If Tax Plan Passes, Study Claims Oil, Gas Industry Faces 137% Hike
By Gargi Chakrabarty
A state tax on the oil and gas industry would jump a dramatic 137 percent if voters in November approve a ballot measure supported by Gov. Bill Ritter, according to a study paid for by the industry.
The measure calls for eliminating an ad valorem tax credit that allows energy companies to significantly cut their state severance tax. If passed, it would raise roughly $321 million a year – with the bulk of the money going to college scholarships.
Supporters of the measure say Colorado has one of the lowest effective tax rates in the region, and eliminating the tax credit would make the oil and gas industry pay a fairer share of taxes.
“Coloradans are learning that they pay this unique $300 million subsidy, and these guys don’t like that,” said George Merritt, spokesman for the A Smarter Colorado campaign. “They throw this funny math against the wall to distract us from the simple question: Can we afford to pay oil and gas companies $1 billion over the next four years?”
But oil and gas industry officials complain the measure would more than double their severance tax burden. Colorado would become the No. 2 highest taxation state, behind only No. 1 Wyoming among the nation’s top nine oil- and gas-producing states, up from its current rank, according the study by Jose Luis Alberro, a director at consulting firm LECG LLC. Colorado currently ranks No. 3 for oil and No. 4 for gas taxation.
Higher taxation means higher costs of production, and that could lead to higher oil and gas prices for customers, said Stan Dempsey of the Colorado Petroleum Association, which paid $50,000 for the study released Monday.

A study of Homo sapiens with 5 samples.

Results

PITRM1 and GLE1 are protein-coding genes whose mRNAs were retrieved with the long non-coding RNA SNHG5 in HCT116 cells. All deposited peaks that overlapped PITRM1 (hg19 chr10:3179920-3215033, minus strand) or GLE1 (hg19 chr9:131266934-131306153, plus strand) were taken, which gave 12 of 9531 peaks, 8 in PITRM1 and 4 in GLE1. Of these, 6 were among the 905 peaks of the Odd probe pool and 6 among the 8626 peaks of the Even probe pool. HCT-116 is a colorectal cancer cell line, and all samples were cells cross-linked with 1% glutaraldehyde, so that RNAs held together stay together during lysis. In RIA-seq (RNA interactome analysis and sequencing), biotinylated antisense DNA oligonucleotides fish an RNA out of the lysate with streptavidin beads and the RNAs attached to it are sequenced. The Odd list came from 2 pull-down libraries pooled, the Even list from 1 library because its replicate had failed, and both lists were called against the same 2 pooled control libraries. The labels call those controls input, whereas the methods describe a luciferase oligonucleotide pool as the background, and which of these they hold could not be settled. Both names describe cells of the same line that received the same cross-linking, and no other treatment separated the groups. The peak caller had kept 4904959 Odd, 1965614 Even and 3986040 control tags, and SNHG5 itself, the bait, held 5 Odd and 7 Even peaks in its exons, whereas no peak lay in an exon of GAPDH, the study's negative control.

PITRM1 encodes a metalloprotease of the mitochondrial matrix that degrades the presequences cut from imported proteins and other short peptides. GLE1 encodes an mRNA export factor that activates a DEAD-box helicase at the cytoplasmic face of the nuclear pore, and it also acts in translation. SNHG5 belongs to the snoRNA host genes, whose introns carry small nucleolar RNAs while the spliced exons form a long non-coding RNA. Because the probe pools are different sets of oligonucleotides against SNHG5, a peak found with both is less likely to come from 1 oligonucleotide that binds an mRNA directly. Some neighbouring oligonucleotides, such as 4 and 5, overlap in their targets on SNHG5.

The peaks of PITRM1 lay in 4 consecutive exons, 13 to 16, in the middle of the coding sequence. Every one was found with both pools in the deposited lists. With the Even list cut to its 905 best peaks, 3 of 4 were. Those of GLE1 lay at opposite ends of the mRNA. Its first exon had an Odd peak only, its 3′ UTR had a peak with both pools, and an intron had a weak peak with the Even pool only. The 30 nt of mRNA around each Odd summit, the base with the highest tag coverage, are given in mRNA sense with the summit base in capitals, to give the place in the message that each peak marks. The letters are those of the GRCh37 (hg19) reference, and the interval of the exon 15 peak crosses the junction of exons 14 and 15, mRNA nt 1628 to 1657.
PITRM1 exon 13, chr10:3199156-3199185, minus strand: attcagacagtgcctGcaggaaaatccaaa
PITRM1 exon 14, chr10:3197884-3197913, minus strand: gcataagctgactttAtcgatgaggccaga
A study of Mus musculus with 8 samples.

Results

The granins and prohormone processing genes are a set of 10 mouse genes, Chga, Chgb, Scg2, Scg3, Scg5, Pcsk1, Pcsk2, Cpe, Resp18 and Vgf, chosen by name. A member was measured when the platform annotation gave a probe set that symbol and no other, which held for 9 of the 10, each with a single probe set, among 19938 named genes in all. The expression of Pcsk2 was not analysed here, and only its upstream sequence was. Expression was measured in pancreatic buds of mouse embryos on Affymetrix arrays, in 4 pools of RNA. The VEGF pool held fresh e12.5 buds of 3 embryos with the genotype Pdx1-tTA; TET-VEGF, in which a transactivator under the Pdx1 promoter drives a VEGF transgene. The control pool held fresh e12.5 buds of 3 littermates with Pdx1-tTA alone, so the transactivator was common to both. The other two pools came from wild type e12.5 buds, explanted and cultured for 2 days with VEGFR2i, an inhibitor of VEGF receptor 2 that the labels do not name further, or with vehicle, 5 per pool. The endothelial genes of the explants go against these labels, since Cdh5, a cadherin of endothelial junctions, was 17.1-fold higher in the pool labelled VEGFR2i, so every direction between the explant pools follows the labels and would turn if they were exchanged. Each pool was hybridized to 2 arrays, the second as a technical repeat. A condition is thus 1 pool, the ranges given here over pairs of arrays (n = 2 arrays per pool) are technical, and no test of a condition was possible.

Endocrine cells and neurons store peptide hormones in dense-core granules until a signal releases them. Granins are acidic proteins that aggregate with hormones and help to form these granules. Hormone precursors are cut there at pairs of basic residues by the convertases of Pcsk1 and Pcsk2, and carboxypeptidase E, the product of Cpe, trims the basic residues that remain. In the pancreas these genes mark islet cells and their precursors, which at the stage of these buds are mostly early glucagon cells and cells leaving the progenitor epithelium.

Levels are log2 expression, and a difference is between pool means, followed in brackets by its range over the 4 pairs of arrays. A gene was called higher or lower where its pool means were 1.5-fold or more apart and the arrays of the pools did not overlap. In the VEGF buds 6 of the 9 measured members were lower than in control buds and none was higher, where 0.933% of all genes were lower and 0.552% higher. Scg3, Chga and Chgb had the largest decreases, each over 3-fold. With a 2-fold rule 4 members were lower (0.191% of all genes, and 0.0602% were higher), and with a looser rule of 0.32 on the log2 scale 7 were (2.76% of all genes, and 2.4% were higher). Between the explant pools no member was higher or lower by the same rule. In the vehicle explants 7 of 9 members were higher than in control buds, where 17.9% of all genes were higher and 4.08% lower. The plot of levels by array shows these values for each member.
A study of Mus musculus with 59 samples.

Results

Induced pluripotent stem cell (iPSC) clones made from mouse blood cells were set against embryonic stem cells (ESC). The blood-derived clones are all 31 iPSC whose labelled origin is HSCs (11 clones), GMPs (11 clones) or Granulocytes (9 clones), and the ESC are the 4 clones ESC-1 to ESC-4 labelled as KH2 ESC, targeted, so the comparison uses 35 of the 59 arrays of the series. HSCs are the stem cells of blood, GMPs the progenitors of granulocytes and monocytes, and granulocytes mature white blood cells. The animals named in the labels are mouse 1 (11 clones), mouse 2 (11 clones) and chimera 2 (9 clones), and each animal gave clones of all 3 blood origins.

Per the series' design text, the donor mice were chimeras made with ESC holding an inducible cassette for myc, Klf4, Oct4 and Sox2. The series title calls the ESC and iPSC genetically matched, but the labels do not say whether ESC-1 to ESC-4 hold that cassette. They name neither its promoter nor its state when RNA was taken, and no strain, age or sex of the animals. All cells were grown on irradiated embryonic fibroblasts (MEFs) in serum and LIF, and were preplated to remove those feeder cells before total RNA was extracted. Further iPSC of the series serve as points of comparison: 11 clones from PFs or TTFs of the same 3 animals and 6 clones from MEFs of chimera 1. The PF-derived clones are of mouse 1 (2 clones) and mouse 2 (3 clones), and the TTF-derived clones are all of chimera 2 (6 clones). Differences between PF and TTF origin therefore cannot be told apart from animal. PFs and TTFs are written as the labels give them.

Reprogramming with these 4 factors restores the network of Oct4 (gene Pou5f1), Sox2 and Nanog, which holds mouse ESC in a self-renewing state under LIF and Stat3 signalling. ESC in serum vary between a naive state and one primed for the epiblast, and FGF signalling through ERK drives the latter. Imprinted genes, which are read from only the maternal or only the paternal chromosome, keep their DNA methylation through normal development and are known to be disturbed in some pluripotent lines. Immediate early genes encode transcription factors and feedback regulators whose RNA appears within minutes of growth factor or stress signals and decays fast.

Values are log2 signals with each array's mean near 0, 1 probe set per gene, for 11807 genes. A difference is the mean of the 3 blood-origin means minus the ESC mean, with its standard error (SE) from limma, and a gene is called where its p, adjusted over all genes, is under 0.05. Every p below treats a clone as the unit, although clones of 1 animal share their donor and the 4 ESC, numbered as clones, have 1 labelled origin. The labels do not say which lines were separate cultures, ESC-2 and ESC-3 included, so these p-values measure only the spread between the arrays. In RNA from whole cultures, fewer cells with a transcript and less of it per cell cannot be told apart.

“Any time costs are up for any type of business, the effective higher price will be passed on to consumers,” Dempsey said. He didn’t say how much prices would go up; neither did the study.
The oil and gas industry, which is raising millions of dollars for its campaign, will focus on themes such as higher gasoline prices and utility bills to fight the measure.
Last week, findings by the Sonoran Institute in Tucson and the Consumer Federation of America reiterated that the measure would not affect consumer prices.
Claims that they would “are misinformed and misleading,” said Mark Cooper of the Consumer Federation of America. “Since oil and gas companies continue to enjoy record profits, there is no economic reason why they can or should target price increases to Colorado consumers.”
A national survey shows gas prices have dropped a fraction below the $4 mark.
The average price of regular gasoline at self-serve stations was $3.996 a gallon Friday. Midgrade was $4.13 a gallon and premium went for $4.24. That’s according to the Lundberg Survey of 7,000 gas stations nationwide, released Sunday.
Prices are at their lowest level since May 16 and are an average of 11.7 cents less per gallon than two weeks ago.
Still, the survey showed the average U.S. price for gas is $1.11 higher than it was a year ago.
In Colorado, the average on Monday was $3.987 for a gallon of regular unleaded gas, and in Denver the average was $3.93, according to AAA.
By the numbers
$321 million: Amount Colorado expects to raise in severance tax revenues if the ballot initiative passes. Most would go to college scholarships.
137 percent: Increase in the severance tax the oil and gas industry would have to pay, a study paid for by the industry says.
Originally published by Gargi Chakrabarty, Rocky Mountain News.